This week is infertility awareness week. 1 in 8 couples struggle with infertility, often in silence. Their hearts break during Mother’s Day, wondering why they don’t get to be called mommy. They see TV shows or hear about people who “accidentally” got pregnant and wish they would be so lucky. They try to brush off the myriad of questions, often very personal, on why they don’t have a family. If they do have one child, then they are asked, “when are you having more?”
“You can’t wait forever.” If they only knew that the hours of doctors appointments & procedures did make it seem like forever.
“Why don’t you have kids yet?” If they only knew that you’ve asked yourself, your doctor & your God the same thing… hundreds of times.
“Are you going to try for a girl since you have a boy?” If they only knew that I am trying for a healthy child, regardless of their gender.
I’m one of the 1 in 8. For 2 reasons: infertility & breast cancer. Both the same odds, both apply to me. I’m not sure why I’m the “1”. They claim that the two aren’t linked, but my breast cancer was highly hormone positive. Did the years of fertility treatments cause my breast cancer? I’m not sure. I wouldn’t trade my boys, so it doesn’t matter. There does need to be more awareness about infertility. It’s something that’s whispered, which makes people feel like they should be ashamed.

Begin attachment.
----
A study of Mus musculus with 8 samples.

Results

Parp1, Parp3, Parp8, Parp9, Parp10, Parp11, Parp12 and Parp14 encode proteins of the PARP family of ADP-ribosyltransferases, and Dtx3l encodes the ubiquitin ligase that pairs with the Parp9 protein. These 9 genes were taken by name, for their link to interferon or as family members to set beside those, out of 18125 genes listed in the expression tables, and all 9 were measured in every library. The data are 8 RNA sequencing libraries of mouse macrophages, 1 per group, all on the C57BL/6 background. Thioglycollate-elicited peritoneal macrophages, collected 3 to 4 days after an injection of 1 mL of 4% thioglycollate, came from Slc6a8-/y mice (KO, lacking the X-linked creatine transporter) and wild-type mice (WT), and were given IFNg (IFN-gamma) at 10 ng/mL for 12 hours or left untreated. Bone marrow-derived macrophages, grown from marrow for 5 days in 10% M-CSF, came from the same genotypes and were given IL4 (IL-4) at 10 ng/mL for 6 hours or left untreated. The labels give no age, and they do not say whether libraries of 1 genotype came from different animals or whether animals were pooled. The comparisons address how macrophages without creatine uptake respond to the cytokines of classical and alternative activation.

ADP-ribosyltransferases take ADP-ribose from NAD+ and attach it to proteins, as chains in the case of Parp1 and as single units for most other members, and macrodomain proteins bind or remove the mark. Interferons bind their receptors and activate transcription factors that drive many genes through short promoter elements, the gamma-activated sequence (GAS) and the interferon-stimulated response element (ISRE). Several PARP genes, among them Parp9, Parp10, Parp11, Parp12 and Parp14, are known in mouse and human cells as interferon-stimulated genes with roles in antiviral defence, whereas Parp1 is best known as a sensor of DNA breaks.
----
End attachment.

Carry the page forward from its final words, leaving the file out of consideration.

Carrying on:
When we first started treatments, the infertility clinic was right by OBGYN. The “haves” and the “have nots” side by side. Do you know how hard that was? We would sit in the waiting room, seeing what we couldn’t have. They since moved to their own area… much better idea. I’ve gone to the Dr in Halloween costumes, tried to lighten the mood and tried every old wives tale. It’s an emotional roller coaster, a financial drain and a physical hardship. I’m forever thankful to the Drs and nurses who helped us. As a result, we have 2 healthy, beautiful boys. Others are not so lucky. Miscarriage & failed fertility treatments are more common than we know.
I feel like part of my responsibility as “the 1” is to raise awareness. So if you see a couple without kids, keep the questions to yourself. If they have one child, don’t hound them about when they are having another or if they are going to try for a certain gender. If you know someone struggling with infertility, offer support but don’t tell them all the things they are doing wrong. Often times, they deal with all of this alone. It’s a heavy burden & can create serious depression.
On your journey of enough, keep an eye out for those who need your support instead of your judgment. Peace be with you.